President Obama won the news cycle Tuesday with his Obamacare victory lap, but Republicans are looking ahead to how the law will play out in November, and in 2016. GOP presidential hopefuls are unveiling dead-on-arrival bills to repeal or reduce the health care law and promising that the party has viable alternatives. The problem is, the longer the law is in place, the more people it insures and the riskier it is for the right to offer up a plan.
And while Congress works on its 2016 pitches, Jaime Fuller at The Washington Post explains what's actually in store for Obamacare. By May or June of this year we'll know how much insurers plan to raise premium prices — anything more than 10 percent is bad for Democrats — and in January of 2016 the employer mandate will kick in for businesses with 50 to 99 employees. So while Tuesday was a good day for the president, there are still plenty of potential rough patches for campaigners on both sides to look out for.
Marco Rubio's insurance "bailout" bill
The Florida senator is to the Obamacare bailout what Sarah Palin was to the Obamacare death panels. Rubio's new "Obamacare Taxpayer Bailout" bill would reduce the burden of the law's risk corridors — which transfers profits from insurers with more healthy customers than expected to insurers with more sick customers than expected — on taxpayers to zero, Reuters reports. The thing is, the risk corridors are already costing taxpayers zero dollars.
In early March, Bloomberg noticed that the White House budget allots $5.5 billion toward potential payments to insurers. Later the administration said the program would be budget neutral, but didn't offer details. "The White House has said ... it will have to be budget neutral, that no money from taxpayers or general revenue will be spent in bailing out the exchanges," Rubio said. "And all I'm offering now is a bill that will say: 'Let's codify what you've already agreed to do.'" In the past Rubio has called for bills to repeal the law's risk corridors — which, as New York's Jonathan Chait explains, is not a bailout. The Congressional Budget Office has said the government will actually make $8 billion over the three year life of the program.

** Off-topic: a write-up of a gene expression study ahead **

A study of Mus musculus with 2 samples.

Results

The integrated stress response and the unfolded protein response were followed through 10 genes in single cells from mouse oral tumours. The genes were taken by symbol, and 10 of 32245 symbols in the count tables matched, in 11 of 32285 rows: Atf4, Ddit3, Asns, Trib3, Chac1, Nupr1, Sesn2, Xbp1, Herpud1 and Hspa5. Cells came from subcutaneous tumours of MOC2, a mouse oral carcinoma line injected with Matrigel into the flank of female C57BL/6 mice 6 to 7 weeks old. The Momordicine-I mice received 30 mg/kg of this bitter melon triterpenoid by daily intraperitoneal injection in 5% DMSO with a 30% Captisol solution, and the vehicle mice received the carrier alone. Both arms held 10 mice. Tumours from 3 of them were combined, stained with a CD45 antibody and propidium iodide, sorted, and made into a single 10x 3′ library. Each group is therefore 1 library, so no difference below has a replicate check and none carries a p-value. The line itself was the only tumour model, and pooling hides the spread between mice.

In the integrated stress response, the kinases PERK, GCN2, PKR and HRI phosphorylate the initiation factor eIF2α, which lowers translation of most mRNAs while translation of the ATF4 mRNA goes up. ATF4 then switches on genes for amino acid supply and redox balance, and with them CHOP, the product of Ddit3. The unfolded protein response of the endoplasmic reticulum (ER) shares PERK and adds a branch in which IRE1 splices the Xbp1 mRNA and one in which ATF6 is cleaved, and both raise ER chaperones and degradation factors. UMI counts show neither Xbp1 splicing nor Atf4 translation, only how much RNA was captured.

Bobby Jindal's Bobbycare
The Washington Post's Robert Costa and Amy Goldstein report that Bobby Jindal is "making clear that he wants to be seen as a policy-driven problem solver," by announcing a plan to repeal and replace Obamacare on Wednesday. (Note: he's not actually calling it Bobbycare, we made that up.) Jindal, who was a senior advisor to the Department of Health and Human Services under President Bush, wants to revamp Medicaid, turn Medicare into a "premium support" system, and allow insurance to be sold across state lines.
According to the Post, Jindal's 26-page plan criticizes Obamacare, then offers a series of recycled ideas "that have run through conservative thought for years." The details of the plan are limited so far, but according to Time his plan "nibbles at the edges of health care reform without ever taking a bite."
Paul Ryan's repeal Obamacare budget
Rep. Ryan's 2015 budget embodies the GOP's repeal strategy so far — it repeals Obamacare but "doesn't embrace a specific replacement," as Philip Klein at The Washington Examiner put it. At the same time, Ryan insists that a plan is coming, and that Republicans have lots of ideas. “I think Obamacare is a slow-rolling fiasco,” he said. “I think it’s a Pyrrhic victory. We have lots of ideas of how to offer patient-centered health care ...You’ll also see, I believe, as the year goes on, various reforms that we’ll be bringing to the floor on what we think are the components of a replacement for health care.”
The thing is, Republicans aren't lacking ideas. We've written about the various alternatives members of the House and Senate have pitched in recents months. Those plans are purposefully vague, for two reasons. First, many of their ideas — like the expansion of unsustainable high risk insurance pools — have been proven to be bad ideas. Second, as long as the GOP can campaign on Obamacare's problems, they won't want to draw attention to their own plan and its potential flaws. That means that having "lots of ideas" will likely be the game plan for the next two years.
This article is from the archive of our partner The Wire.